The Chinese restaurant and food services sector is facing a dramatic downturn in business as fears of the coronavirus outbreak in China have spread to the Lower Mainland community, heavily suppressing the number of diners looking to dine out at these establishments.
Groups like the B.C. Asian Restaurant Cafe Owners Association — as well as several restaurant owners, managers and food-services-sector observers — have started ringing the alarm bells as restaurants who depend heavily on Chinese clientele are reporting as low as below 10 per cent of the restaurants’ capacity being used by diners since the outbreak was first reported in January.
On Monday, Chinese authorities said another 2,478 cases of the coronavirus have been confirmed in the country — adding that the additional 108 deaths reported pushed the total death toll to 1,016 and case count to 42,638. So far, four cases have been confirmed in B.C., all within the Vancouver Coastal Health region.
Andy Lin, chief representative of two MeetRice Noodles restaurants in Metro Vancouver, said he and others locally are seeing many nights of customers staying away. A canvassing of local Chinese restaurants shows most places having an ample availability of open tables, even on weekends during this period of the year (usually flooded with Lunar New Year diners).
“I think the coronavirus outbreak could be called our ‘black swan event’ for the entire global Chinese culinary industry,” Lin said, noting that MeetRice Noodles’ more-than-800 locations in China have also seen business decimated by crowds staying away from eating out.
“People have to understand that the restaurant business is heavily dependent on daily cash flows; if there’s no one coming to dine, then restaurants have no income. Meanwhile, labour, rent, ingredients and other costs are all set in stone; and because costs are not going away, it’s very, very hard for anyone to sustain [the situation] long-term.”
Officials from the Asian Restaurant Cafe Owners Association said as many as three establishments have suspended operations in light of the downturn in business. Association director William Tse said he understands the concern running through the local Chinese community, but the restaurants are doing everything they can to encourage people to dine out.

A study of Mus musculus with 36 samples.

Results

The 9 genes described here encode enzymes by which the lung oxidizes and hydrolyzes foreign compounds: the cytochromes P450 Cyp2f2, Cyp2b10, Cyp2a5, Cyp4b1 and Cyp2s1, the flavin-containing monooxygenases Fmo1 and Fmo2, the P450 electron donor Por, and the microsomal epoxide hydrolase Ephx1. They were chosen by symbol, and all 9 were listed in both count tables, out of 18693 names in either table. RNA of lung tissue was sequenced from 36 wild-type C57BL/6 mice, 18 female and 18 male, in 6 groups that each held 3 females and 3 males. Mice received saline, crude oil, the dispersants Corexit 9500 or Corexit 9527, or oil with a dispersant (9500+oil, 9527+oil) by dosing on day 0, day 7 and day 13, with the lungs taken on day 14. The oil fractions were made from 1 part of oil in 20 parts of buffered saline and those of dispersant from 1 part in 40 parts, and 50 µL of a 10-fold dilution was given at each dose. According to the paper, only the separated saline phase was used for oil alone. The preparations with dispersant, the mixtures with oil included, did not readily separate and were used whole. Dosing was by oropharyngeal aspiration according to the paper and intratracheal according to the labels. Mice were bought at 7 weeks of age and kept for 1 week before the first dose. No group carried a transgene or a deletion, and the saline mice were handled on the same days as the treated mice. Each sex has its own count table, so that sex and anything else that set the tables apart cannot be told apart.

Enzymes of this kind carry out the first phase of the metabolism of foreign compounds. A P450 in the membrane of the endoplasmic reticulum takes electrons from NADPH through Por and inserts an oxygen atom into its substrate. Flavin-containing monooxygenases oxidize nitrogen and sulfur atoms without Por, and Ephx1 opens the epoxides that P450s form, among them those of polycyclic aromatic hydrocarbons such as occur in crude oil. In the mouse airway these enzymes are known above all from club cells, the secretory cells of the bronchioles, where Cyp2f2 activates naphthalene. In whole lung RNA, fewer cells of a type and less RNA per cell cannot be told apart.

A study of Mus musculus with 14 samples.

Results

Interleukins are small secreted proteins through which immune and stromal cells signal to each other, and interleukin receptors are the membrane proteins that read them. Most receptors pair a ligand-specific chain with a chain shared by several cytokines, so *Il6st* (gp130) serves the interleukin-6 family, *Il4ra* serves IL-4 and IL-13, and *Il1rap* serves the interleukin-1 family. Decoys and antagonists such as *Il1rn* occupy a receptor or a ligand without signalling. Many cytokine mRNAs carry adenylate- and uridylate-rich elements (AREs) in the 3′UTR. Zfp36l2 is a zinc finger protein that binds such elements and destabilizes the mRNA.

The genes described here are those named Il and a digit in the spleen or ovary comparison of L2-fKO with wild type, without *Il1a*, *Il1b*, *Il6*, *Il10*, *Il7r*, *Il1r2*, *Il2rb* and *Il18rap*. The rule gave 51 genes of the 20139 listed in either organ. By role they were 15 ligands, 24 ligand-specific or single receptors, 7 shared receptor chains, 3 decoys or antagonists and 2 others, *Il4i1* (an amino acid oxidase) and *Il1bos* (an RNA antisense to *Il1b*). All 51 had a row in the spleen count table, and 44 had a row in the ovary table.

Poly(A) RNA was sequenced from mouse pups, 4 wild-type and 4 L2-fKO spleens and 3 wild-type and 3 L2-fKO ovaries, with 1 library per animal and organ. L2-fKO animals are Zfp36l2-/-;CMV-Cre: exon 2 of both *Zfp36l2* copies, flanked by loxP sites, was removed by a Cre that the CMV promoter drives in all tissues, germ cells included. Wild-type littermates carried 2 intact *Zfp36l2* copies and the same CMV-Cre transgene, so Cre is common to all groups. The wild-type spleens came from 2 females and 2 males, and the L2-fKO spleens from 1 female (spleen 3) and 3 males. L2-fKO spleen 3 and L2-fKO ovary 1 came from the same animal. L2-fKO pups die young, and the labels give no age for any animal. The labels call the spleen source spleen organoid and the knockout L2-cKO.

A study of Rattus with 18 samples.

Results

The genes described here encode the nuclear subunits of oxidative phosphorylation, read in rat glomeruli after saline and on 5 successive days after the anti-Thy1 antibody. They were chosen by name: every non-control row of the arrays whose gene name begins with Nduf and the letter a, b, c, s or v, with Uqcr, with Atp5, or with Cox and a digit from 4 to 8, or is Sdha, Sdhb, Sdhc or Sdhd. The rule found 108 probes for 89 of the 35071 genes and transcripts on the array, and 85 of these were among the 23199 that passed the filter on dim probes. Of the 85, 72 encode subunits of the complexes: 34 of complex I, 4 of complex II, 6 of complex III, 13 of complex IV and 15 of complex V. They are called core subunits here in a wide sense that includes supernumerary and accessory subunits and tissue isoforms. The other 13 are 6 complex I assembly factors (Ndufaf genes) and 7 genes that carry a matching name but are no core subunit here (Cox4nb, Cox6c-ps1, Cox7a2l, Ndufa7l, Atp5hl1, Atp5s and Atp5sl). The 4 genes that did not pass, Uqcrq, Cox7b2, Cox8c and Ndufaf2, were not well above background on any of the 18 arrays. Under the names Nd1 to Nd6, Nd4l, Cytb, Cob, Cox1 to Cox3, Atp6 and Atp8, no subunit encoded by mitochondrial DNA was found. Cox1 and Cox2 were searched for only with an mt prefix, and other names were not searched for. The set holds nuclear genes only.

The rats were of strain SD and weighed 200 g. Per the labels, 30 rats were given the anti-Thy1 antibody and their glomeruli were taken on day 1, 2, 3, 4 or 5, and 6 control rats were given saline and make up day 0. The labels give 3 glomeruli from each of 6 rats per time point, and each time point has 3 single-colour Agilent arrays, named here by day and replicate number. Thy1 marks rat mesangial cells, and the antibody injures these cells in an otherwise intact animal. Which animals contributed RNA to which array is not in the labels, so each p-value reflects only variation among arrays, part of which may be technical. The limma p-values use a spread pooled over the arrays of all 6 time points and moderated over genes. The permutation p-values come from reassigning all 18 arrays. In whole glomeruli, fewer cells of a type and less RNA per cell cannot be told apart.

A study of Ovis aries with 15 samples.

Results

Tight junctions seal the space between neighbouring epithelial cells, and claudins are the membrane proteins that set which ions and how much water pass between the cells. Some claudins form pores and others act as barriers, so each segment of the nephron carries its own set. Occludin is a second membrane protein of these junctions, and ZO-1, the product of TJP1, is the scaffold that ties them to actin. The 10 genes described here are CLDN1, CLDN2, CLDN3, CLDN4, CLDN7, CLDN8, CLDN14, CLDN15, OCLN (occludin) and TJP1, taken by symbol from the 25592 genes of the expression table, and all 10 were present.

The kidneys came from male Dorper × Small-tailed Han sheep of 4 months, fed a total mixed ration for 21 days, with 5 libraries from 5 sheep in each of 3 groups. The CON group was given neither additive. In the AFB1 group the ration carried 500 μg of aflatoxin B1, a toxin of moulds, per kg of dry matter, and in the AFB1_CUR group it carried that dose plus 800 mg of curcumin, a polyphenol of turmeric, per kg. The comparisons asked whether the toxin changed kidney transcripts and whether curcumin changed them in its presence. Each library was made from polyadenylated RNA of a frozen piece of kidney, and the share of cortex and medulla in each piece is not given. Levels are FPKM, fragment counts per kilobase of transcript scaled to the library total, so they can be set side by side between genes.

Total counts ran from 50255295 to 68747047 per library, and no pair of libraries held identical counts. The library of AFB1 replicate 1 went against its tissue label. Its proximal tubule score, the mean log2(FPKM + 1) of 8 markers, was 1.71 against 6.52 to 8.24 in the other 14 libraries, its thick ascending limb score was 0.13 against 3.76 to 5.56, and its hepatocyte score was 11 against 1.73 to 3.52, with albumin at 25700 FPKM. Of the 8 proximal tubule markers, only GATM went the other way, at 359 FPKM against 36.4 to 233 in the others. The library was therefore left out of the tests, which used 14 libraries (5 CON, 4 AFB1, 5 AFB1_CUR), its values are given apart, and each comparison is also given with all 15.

“We will ask people calling in if they have been to China in the last two weeks,” Tse said, adding that those who have would be asked to call again after the two-week period has passed without symptoms. “But if you are just having dinner with your immediate family — you are already having dinner together every day — it’s absolutely no different for you to come out and dine at our restaurants, because we will take good care of you.”
Tse added he is extremely concerned because the magnitude of the restaurant business suffering will drag down other sectors like produce suppliers and service labour staff, noting that if more restaurants decide they cannot sustain the daily costs and shutter operations, other owners and operators will take that lead and create an exodus of restaurants from the Lower Mainland market.
“It won’t be just the restaurants affected,” Tse said. “It’s an entire business ecosystem.”
Lin said he doesn’t foresee the industry recovering until at least the summer months, and the Metro Vancouver market will see “an overhaul” of players — but the ones who remain will be “stronger than ever and highly adaptable to market changes.”
In the meantime, the biggest saving grace may be cooperative efforts with online order/delivery platforms like DoorDash and Chinese-language Fantuan Delivery, which minimizes customers’ contact with others.
“I personally don’t see things taking a 180-degree turn in the short-term,” Lin said. “What will likely happen is that the outbreak will end, consumers will slowly drop their fears and regain their trust. Things will all go back to normal with the flow of time, but 2020 will undoubtedly be a very, very tough year — not just for us in the restaurant business, but all businesses in general.”